Since its mid-December release, Making a Murderer has received a mammoth wave of feedback from audiences, as well as varied responses from the many people involved in the case. Now, someone who's actually in the documentary film industry has piped in to provide an insight that's backed by some impressive filmmaking experience. Award-winning documentarian Errol Morris has watched Making a Murderer, and he's approaching the series from a more figurative, symbolic perspective, taking into consideration the way filmmakers are able to totally captivate audiences.
In a recent interview with Slate's Isaac Butler, the documentarian shares his opinion on the series and shifts some of the focus towards the role of truth.
The coverage of crime stories isn't a new topic for Morris. In his 1988 documentary A Thin Blue Line, he documents the case of Randall Dale Adams, a man wrongfully accused of killing a Dallas police officer. Partially because of that film, according to Slate, Adams was released from prison. Though the story ultimately benefited Adams, the man sued Morris for the rights to the film. But that hasn't stopped him. Morris tells Slate that he's currently developing a six-part true crime series for Netflix, among various other unrelated projects.
Like the filmmakers of Making a Murderer, Morris stressed that there are many unanswered questions in Avery's case. And like Moira Demos and Laura Ricciardi, he expressed that the series isn't really about Avery as an individual. But in his own unique way, he views the series from a metaphysical lens and relates the bigger picture to the philosophy of knowledge.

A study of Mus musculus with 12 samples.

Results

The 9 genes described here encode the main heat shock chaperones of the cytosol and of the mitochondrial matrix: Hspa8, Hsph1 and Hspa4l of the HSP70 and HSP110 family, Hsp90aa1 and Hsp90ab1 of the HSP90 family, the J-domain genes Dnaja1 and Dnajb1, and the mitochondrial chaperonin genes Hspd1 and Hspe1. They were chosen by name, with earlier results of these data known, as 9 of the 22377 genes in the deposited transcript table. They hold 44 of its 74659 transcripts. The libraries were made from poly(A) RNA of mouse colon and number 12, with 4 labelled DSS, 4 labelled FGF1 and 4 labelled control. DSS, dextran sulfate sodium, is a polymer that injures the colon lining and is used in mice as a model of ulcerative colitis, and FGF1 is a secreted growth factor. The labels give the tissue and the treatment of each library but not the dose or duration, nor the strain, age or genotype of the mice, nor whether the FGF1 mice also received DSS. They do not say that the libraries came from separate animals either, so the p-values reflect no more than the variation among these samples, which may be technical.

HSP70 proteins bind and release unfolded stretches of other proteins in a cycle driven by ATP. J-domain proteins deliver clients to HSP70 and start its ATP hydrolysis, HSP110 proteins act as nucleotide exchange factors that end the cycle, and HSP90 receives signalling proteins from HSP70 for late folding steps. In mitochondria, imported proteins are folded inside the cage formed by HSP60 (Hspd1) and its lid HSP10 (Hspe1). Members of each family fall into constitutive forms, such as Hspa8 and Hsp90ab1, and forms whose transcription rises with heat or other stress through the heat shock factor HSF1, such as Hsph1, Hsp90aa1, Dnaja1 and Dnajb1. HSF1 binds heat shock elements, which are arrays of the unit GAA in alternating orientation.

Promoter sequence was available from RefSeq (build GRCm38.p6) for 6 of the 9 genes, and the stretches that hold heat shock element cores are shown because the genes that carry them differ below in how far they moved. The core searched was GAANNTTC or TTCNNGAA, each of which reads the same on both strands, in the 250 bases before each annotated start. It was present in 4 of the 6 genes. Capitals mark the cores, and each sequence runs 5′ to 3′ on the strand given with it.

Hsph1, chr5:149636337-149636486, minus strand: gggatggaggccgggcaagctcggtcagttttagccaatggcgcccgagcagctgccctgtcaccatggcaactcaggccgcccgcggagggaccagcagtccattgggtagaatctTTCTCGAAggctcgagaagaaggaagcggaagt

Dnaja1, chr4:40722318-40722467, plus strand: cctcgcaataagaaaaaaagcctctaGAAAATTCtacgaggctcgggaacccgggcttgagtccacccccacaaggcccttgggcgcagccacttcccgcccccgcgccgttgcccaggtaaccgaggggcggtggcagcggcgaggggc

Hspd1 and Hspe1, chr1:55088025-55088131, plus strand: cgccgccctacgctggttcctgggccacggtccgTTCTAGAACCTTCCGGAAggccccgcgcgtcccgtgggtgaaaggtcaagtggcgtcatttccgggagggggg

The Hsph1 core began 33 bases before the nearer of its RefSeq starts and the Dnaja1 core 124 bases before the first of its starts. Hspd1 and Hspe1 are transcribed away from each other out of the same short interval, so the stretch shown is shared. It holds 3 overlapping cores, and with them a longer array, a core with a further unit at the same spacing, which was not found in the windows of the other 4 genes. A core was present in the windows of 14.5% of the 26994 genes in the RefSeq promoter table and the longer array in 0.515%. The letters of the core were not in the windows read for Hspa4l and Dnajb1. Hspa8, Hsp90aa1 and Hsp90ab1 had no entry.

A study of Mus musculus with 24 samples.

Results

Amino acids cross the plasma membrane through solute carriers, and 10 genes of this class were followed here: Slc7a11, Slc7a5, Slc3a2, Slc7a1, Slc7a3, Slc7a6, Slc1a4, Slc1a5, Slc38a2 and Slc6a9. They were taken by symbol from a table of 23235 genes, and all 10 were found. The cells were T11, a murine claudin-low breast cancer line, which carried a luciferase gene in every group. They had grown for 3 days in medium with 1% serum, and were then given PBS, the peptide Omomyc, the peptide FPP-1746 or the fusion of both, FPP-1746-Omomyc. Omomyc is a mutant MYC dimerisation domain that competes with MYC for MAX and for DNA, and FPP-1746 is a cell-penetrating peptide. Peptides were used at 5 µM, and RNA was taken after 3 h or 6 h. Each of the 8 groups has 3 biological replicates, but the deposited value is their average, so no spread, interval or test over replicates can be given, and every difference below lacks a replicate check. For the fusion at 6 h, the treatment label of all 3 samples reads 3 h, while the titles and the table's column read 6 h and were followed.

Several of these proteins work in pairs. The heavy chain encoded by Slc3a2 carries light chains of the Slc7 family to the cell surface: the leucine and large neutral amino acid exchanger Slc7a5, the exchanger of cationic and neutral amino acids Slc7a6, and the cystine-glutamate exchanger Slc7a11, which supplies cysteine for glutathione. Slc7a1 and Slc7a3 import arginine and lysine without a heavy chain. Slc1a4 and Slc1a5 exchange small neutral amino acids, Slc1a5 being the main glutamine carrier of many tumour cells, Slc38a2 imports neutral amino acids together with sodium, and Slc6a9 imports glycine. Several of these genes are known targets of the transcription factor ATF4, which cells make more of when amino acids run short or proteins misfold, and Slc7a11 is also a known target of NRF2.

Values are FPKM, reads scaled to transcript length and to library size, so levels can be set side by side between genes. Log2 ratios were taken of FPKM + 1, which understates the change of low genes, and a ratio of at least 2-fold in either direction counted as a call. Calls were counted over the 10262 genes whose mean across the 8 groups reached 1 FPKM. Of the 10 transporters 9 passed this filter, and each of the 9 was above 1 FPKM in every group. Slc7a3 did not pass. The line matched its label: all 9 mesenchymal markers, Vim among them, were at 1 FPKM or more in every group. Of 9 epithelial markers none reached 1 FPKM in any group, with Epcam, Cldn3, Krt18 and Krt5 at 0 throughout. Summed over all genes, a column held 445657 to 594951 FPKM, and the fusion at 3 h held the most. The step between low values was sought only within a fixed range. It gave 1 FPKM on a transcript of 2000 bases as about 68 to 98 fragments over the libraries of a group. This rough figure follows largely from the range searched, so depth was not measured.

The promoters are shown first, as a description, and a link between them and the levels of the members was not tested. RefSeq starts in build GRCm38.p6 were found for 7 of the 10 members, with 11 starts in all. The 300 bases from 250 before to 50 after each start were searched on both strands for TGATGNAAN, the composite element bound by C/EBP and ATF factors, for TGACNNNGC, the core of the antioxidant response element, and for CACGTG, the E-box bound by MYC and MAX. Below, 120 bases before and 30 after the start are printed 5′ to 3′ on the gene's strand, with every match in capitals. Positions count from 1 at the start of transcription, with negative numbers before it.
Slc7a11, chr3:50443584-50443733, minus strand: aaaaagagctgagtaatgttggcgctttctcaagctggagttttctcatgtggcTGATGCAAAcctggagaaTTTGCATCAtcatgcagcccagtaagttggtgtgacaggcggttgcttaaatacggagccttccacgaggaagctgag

The purpose of documentary — whether it’s true crime or anything else, for that matter — is not just to give us reality on a plate, but to make us think about what reality is.
And according to Morris, crime stories are especially apt to contain questions like this. This underlying significance and hidden meaning give series like Making a Murderer even more potential to really grab an audience and spark their curiosity.
However you want to describe it: the whodunit; the mystery of what really happened; the mystery of personality; of who people really, really are is powerfully represented when you have a crime standing in back of all of it. It’s a way of dramatizing really significant issues: How we know what we know? How have we come to the belief that we have? Is justice served by the various mechanisms in our society? Is the law just? And on and on and on and on and on.
Neither the Making a Murderer filmmakers nor Avery's defense attorneys can confidently say whether nor not they are certain that Avery is innocent, despite having spent ample time with the convicted man. The real puzzle exists within the man's character.
What separates these types of docuseries from other kinds of television is whether or not they spark a higher level of contemplation among viewers. It seems as though Demos and Ricciardi have succeeded in inspiring their audience to investigate and really think. And hopefully, Morris' new Netflix series will continue the trend.